In “A Cold War,” Jamison Carter’s new exhibition at Klowden Mann, there are numerous eye-catching works among the fluorescent-hued sunburst, Rorschach-like abstractions, and cement sculptures that seem to teeter on the edge of collapse. But it’s safe to say that Carter’s rainbow-striped coffin steals the show.
Installation view of “A Cold War.” Image courtesy Klowden Mann.
Titled O Superman (2015), the life-size coffin, hand-painted with bright stripes, references Laurie Anderson’s legendary 1981 song of the same name. For her piece, Anderson, an experimental performance artist and musician, took inspiration from the 1885 opera Le Cid by Jules Massenet, and the first lines of her half-sung, half-spoken song, “O Superman / O Judge / O Mom and Dad” echoes the first lines of Massenet’s aria. Carter, in turn, took inspiration from Anderson, naming the wooden coffin O Superman and another featured piece, O Judge (2015), a papier mâché sculpture that looks something like a charred carcass or a busted rubber tire on the side of the highway.
So what’s the connection between the French opera, the 1981 art-pop crossover hit song, and Carter’s provocative sculptures? The Le Cid aria is a prayer for help, while Anderson’s work is an exploration of interpersonal communication and a critique of human dependence on technology. Carter’s coffin, meanwhile, touches on all of these themes. O Superman is his expression of the idea that death is the ultimate equalizer—the sole force that grounds us, motivates us, challenges us, terrifies us. And it’s no coincidence that the coffin, at six-feet-three-inches tall, is the perfect size to fit the artist himself. It stands upright and lacks a lid though, suggesting Carter is playing with the compelling nature of death and our endless intrigue around its bounds.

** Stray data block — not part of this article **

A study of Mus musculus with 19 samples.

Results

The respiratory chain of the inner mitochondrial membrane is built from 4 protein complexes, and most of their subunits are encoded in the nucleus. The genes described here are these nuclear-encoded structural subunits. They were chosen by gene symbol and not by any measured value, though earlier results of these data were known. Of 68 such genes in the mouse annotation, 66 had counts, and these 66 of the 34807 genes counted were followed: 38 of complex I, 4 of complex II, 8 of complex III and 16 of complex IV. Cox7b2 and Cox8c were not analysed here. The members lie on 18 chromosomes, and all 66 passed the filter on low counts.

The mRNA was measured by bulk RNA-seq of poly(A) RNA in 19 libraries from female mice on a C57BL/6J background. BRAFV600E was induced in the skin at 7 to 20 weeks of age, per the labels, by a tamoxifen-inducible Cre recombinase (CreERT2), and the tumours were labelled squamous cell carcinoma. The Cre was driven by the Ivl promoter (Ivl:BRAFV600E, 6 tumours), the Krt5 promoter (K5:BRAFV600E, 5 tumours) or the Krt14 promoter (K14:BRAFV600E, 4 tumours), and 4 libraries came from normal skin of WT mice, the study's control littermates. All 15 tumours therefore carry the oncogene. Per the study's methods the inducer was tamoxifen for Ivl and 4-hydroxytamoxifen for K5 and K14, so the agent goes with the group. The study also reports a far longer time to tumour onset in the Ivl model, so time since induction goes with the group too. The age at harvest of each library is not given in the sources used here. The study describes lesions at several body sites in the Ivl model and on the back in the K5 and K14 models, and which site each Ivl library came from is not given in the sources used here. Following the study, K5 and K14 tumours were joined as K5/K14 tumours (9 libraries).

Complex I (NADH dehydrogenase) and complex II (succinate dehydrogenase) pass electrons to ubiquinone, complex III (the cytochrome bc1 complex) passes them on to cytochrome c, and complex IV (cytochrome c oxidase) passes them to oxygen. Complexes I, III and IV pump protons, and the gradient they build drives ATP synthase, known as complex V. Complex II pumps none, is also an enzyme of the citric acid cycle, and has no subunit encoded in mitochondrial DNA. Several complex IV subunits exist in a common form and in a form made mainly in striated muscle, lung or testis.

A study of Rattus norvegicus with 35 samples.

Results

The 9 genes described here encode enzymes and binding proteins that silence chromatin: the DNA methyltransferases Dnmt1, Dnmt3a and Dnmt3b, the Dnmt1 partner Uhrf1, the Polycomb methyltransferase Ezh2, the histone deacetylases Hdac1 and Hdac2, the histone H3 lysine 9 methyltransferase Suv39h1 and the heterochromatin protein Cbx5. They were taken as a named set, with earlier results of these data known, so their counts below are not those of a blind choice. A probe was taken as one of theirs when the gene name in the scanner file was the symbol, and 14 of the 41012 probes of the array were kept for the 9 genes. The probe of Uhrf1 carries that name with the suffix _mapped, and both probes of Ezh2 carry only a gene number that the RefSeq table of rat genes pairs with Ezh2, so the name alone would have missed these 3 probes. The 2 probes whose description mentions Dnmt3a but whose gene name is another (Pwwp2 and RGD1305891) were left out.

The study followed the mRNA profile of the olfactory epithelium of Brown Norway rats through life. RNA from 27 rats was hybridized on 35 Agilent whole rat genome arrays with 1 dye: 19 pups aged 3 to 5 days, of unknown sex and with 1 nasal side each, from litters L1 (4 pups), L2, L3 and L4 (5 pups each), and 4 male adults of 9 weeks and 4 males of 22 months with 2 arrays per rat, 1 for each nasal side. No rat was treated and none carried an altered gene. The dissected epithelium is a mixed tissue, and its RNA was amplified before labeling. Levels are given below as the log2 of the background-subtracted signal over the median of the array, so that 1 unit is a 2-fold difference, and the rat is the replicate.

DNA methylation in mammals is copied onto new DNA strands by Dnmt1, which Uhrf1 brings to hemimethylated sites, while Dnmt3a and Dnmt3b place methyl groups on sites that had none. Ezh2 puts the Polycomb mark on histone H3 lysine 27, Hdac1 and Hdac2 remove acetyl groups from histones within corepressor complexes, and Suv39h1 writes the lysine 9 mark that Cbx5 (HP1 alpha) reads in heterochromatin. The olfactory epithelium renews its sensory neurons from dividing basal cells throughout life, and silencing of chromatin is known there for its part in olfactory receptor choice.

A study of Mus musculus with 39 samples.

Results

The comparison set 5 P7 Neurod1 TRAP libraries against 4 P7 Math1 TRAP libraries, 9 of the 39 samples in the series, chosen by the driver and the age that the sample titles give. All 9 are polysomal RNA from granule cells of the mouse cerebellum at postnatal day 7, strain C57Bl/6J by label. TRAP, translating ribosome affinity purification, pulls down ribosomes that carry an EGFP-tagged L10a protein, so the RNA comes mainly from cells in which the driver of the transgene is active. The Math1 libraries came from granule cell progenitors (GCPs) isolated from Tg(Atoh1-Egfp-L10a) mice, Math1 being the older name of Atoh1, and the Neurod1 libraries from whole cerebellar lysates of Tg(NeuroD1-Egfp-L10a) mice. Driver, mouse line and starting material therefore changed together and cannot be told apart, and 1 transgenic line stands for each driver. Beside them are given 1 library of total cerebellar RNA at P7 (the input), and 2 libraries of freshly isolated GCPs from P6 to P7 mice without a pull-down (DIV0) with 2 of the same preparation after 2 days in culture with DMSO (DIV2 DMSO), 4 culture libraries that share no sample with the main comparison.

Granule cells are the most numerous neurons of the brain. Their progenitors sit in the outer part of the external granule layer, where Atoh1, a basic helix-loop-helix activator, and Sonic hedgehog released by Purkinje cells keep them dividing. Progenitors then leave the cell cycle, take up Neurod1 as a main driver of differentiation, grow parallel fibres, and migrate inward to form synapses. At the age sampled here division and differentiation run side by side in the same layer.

“A Cold War” includes a handful of other freestanding sculptural works made predominantly of wood and hydrocal, including unlit and Mono Hum (both 2015); the former looks, dangerously, as if it’s about to topple over onto the gallery floor, while the latter, an almost absurdly top-heavy structure, features a boulder-like object balanced on a dainty and towering frame. Carter clearly likes to manipulate material and form, both here and in his wall-mounted sculptures, like the vibrantly painted sunburst Sol and the lunar-inspired Waning (both 2015). A quartet of monoprints, reminiscent of Rorschach inkblots, round out the exhibition. Although prints, they are not in fact ink, or even paint on paper: 67P/C-G view 3 (2015), like the other three, was made partly with cement and dirt, taking the familiar, enigmatic motifs out of their expected constraints. That’s Jamison Carter for you—ambitious, bright, experimental, referential, attention-grabbing, and ultimately uncategorizable.
“A Cold War” is on view at Klowden Mann, Los Angeles, Sep. 12 – Oct. 24, 2015.